When a Staten Island doctor heard a scream for help as he ran the New York City Marathon, he sprinted toward the voice instead of the finish line.
Theodore Strange found an unconscious woman, the Staten Island Advance, reported. “She was losing her color and she was foaming at the mouth,” Strange told the outlet. “And she didn’t have any [pulse].”
Sacrificing his own performance in the marathon, Strange gave the woman CPR and worked with emergency responders to give her a defibrillator, the Advance reported.
Those initial attempts did not restore the woman’s breathing, but “after two or three more shocks” from the responders’ equipment, “she was breathing on her own,” he told the outlet.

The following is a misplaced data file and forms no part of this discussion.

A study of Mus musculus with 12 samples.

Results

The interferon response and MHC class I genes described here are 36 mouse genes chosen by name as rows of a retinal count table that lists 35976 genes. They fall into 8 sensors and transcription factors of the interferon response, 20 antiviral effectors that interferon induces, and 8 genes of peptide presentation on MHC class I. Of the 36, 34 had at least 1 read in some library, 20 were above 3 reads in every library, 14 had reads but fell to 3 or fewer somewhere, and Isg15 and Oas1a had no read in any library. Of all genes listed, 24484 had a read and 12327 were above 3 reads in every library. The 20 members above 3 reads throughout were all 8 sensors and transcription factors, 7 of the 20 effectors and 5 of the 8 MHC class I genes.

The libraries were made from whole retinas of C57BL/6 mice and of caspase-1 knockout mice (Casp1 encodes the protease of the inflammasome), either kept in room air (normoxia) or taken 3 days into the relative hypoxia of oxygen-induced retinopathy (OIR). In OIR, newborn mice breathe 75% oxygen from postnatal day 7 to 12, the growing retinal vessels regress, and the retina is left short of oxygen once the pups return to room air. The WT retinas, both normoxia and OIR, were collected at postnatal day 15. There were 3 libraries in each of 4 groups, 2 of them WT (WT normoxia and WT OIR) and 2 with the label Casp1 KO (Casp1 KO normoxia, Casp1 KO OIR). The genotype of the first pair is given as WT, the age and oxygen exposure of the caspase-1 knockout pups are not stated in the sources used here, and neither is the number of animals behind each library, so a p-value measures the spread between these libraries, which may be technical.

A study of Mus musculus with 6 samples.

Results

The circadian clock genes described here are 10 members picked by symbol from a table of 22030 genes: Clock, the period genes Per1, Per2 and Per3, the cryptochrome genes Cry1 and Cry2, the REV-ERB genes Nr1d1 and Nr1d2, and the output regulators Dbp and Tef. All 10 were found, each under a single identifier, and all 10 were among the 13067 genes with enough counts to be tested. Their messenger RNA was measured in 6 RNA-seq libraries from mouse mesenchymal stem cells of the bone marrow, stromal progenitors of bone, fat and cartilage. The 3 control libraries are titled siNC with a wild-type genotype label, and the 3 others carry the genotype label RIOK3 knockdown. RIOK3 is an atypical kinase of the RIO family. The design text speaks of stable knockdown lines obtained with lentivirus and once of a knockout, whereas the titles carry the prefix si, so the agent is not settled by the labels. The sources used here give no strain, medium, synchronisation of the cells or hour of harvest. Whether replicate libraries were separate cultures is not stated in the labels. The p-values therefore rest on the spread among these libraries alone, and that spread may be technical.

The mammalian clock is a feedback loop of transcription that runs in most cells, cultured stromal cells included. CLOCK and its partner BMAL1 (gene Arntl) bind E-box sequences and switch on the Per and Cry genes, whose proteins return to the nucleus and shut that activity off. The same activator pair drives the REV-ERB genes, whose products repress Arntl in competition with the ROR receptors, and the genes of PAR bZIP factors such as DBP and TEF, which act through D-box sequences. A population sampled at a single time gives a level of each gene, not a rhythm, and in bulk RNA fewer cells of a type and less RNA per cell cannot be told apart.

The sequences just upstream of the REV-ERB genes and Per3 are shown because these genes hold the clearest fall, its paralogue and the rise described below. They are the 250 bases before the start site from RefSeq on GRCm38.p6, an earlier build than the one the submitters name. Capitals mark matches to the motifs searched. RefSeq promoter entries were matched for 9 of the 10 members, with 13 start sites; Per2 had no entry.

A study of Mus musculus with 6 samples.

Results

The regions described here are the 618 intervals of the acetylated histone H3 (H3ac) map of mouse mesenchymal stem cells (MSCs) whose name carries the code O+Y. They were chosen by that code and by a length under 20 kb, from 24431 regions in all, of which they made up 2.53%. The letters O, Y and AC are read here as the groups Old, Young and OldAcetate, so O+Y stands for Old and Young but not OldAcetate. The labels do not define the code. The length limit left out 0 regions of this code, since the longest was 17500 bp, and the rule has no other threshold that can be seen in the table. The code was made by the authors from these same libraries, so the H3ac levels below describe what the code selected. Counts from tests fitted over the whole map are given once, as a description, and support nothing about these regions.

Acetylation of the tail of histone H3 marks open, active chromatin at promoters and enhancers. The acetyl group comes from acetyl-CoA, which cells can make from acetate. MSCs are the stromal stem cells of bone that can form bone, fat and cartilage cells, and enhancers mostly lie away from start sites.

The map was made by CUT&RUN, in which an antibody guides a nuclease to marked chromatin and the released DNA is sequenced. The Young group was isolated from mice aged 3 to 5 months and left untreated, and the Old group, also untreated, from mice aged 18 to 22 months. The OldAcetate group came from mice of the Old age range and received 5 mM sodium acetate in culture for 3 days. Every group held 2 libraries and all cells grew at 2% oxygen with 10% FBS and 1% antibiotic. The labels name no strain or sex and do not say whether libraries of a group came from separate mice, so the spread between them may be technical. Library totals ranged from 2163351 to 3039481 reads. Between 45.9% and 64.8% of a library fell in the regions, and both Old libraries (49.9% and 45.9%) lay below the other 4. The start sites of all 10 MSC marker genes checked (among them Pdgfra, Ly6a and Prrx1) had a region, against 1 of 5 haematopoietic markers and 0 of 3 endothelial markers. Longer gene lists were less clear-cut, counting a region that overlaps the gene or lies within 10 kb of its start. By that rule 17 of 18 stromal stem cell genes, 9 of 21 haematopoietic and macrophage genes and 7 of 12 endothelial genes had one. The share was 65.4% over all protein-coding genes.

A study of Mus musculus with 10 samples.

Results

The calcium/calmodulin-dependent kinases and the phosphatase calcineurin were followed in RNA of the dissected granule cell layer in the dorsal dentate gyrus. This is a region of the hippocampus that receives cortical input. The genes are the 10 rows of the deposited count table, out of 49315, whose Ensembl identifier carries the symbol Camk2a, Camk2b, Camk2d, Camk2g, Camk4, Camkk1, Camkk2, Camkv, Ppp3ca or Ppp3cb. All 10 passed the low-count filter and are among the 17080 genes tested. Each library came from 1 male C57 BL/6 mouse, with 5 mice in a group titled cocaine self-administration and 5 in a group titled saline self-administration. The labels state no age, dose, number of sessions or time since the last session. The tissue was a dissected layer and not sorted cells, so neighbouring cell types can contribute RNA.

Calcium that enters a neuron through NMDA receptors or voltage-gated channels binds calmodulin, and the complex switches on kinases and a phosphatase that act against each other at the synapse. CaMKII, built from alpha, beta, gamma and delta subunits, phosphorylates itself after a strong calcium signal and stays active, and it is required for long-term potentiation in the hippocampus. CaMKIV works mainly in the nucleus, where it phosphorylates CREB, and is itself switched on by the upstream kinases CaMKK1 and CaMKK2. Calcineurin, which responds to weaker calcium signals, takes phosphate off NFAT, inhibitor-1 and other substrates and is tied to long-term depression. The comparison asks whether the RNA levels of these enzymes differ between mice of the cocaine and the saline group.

Strange serves as the vice chair of primary care of Northwell Health and the vice president of medical operations of Staten Island University Hospital, according to Northwell Health’s website.
The woman, who remained unconscious, was transported to New York-Presbyterian Weill Cornell Medical Center, while Strange finished the race in 5:16:47 — well over the four hours he was shooting for before he encountered the woman, according to the outlet.
“It was a surreal moment,” he said about finding his family during the race after the medical ordeal. “When I reached them, I honestly broke down.”
“This is my father — he is humble and passionate about what he does,” his daughter Victoria Strange told the Advance. “Another year in the books and another day of my father doing what he does best: being a superhero and saving lives.”
On Sunday, Mary Keitany of Kenya won the women’s division of the marathon for the fourth time, posting a time of two hours, 22 minutes, 48 seconds. Lelisa Desisa of Ethiopia won the men’s group with a time of two hours, five minutes, 59 seconds.